We all know we need boundaries with extended family, coworkers, and friends. But boundaries in marriage are just as important. Without boundaries, couples tend to try to control each other, become self-serving, feel taken advantage of, and become resentful. But where do you start? Boundaries in marriage are different from ones you’d set at work or in a volunteer capacity. Start with these 12 boundaries every couple needs.

1. We speak with respect.

Some husbands and wives talk down to one another out of habit. Speaking with disrespect sends marriages into a vicious cycle that can spiral into verbal abuse. Commit to not cussing at one another, not interrupting, and not name-calling.

2. I don’t put myself before you at your expense.

Consider how your actions will affect the other person. Ask yourself if you are taking advantage of his agreeable nature if he always tends to agree with you.

3. I don’t put you before me at my expense.

Giving of yourself is a hallmark of a healthy marriage. However, denying your own needs over and over in preference of your husband’s needs enables selfishness on his part and depletion of yourself. There needs to be a balance between both people’s needs.

4. I don’t put others before you at your expense.

Keeping other people happy while neglecting your husband sends the message that he doesn’t matter. Your spouse should feel like a top priority with your time, energy, and resources.

5. We communicate our needs clearly.

Decide which five things are most important to you and share them with your husband. These might include being on time to events, being together for specific occasions, being told “I love you” daily, or having a tidy home. Then let other things go. Ask your husband to share his list of top needs with you.

6. We communicate about plans.

No one likes to find out about plans at the last minute. It’s disrespectful of each other’s time. Keep each other in the loop by communicating regularly about plans for schedules, expenses, and goals.

7. I don’t expect you to complete me.

This doesn’t mean you don’t need each other. It means you don’t expect each other to fix unhealed issues from the past, a sense of inadequacy, or emotional neediness.

8. I don’t try to complete you.

You can’t solve your husband’s emotional baggage. As nurturers, women tend to want to heal the broken places in their husbands. But he needs to take initiative to find healing for himself. Instead, focus on the behavior that is negatively affecting you. For example, if he shuts you out emotionally, tell him you feel lonely when he’s emotionally unavailable for days. Tell him you can see he’s going through something and that you’re here if he needs to talk about it, but that you also need him to be emotionally present with you and the kids.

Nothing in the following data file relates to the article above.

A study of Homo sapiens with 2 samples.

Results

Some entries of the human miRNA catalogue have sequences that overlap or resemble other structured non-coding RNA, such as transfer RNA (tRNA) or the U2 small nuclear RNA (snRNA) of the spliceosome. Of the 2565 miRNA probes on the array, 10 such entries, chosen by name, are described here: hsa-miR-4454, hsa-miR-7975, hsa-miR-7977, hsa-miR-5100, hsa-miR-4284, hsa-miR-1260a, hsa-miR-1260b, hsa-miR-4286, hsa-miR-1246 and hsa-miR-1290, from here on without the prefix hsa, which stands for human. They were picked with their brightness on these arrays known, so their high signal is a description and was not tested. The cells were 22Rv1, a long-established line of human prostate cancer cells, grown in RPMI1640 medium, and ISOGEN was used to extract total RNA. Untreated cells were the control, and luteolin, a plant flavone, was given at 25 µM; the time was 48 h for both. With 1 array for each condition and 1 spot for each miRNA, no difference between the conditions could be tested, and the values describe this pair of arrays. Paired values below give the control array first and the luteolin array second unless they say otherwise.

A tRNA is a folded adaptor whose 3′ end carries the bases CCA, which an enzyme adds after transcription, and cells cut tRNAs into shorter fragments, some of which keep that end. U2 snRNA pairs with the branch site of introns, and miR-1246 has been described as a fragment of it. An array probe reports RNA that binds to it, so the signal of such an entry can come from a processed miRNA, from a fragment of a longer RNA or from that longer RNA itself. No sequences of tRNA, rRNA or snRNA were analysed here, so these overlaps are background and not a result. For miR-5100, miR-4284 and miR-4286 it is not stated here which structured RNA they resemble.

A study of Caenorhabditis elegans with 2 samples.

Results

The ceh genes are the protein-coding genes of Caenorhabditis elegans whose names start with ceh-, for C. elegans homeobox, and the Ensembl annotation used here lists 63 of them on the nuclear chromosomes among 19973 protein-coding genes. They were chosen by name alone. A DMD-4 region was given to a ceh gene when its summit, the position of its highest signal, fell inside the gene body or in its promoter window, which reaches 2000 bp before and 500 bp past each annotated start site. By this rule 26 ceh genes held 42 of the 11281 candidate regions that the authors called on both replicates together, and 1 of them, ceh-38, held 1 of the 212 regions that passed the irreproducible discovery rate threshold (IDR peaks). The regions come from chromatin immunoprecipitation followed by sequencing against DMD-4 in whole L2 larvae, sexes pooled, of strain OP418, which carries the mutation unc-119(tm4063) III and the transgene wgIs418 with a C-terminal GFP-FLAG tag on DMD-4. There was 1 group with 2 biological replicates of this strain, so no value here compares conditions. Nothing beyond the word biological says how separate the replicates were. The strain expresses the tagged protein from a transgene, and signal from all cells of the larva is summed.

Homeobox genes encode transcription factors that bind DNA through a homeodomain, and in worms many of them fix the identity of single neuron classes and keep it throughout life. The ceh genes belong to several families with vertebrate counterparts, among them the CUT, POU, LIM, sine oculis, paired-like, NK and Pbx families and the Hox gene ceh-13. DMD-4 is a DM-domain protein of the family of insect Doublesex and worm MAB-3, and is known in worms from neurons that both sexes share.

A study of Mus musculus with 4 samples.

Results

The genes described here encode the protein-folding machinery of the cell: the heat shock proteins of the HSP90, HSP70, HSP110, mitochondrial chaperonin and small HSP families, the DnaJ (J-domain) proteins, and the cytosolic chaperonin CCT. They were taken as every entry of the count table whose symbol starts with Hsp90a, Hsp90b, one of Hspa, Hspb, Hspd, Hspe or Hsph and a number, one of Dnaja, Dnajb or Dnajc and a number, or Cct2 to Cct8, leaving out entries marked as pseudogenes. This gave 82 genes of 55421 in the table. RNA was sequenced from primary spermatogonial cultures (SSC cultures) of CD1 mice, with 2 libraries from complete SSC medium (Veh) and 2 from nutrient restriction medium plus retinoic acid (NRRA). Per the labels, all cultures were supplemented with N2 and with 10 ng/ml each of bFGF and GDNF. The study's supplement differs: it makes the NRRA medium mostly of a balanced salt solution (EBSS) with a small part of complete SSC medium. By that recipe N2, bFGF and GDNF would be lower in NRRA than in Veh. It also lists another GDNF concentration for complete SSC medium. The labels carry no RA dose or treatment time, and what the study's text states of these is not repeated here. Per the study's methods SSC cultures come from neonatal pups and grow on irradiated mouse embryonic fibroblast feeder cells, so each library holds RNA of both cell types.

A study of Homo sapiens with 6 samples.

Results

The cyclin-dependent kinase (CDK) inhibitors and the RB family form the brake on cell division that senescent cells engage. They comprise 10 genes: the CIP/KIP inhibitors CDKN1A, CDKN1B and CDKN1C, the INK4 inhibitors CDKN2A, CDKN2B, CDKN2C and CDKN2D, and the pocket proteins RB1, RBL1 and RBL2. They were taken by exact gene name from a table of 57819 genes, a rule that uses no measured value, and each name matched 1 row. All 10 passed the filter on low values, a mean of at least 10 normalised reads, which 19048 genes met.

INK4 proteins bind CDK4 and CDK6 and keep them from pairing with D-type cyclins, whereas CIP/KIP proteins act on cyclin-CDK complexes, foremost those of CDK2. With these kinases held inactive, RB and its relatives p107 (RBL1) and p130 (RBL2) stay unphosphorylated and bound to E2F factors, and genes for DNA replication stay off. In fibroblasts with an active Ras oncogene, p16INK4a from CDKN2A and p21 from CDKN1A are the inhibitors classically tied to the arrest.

9. I respect your no.

When your husband says no, don’t try to coerce him into changing his answer. It’s fine to discuss options and ask for a reason if you think his response is unreasonable, but go into the conversation with the intent to understand, not to change his mind.

10. I respect my own no.

There’s a very useful line in scripture that says, “But let your ‘Yes’ be ‘Yes’ and your ‘No’ be ‘No.’” Let your word be enough. Don’t say yes when you really want to say no. Remember, when you say no to one thing, you’re prioritizing something else.

11. I allow you to control yourself.

It’s easy to become a fixer and try to manage your husband when his behavior isn’t what you want it to be. But you can’t manage another person’s attitude, feelings, or behavior. You can’t make others happy, angry, or make them do what you want them to do.

12. I control myself.

Likewise, other people can’t make you happy, angry, or act out destructively. You are in charge of your attitude, feelings, and behavior.

A great book on this is Boundaries in Marriage by Dr. Henry Cloud and Dr. John Townsend.

Where could you use some boundaries in your marriage?


What does it mean to talk to someone with respect?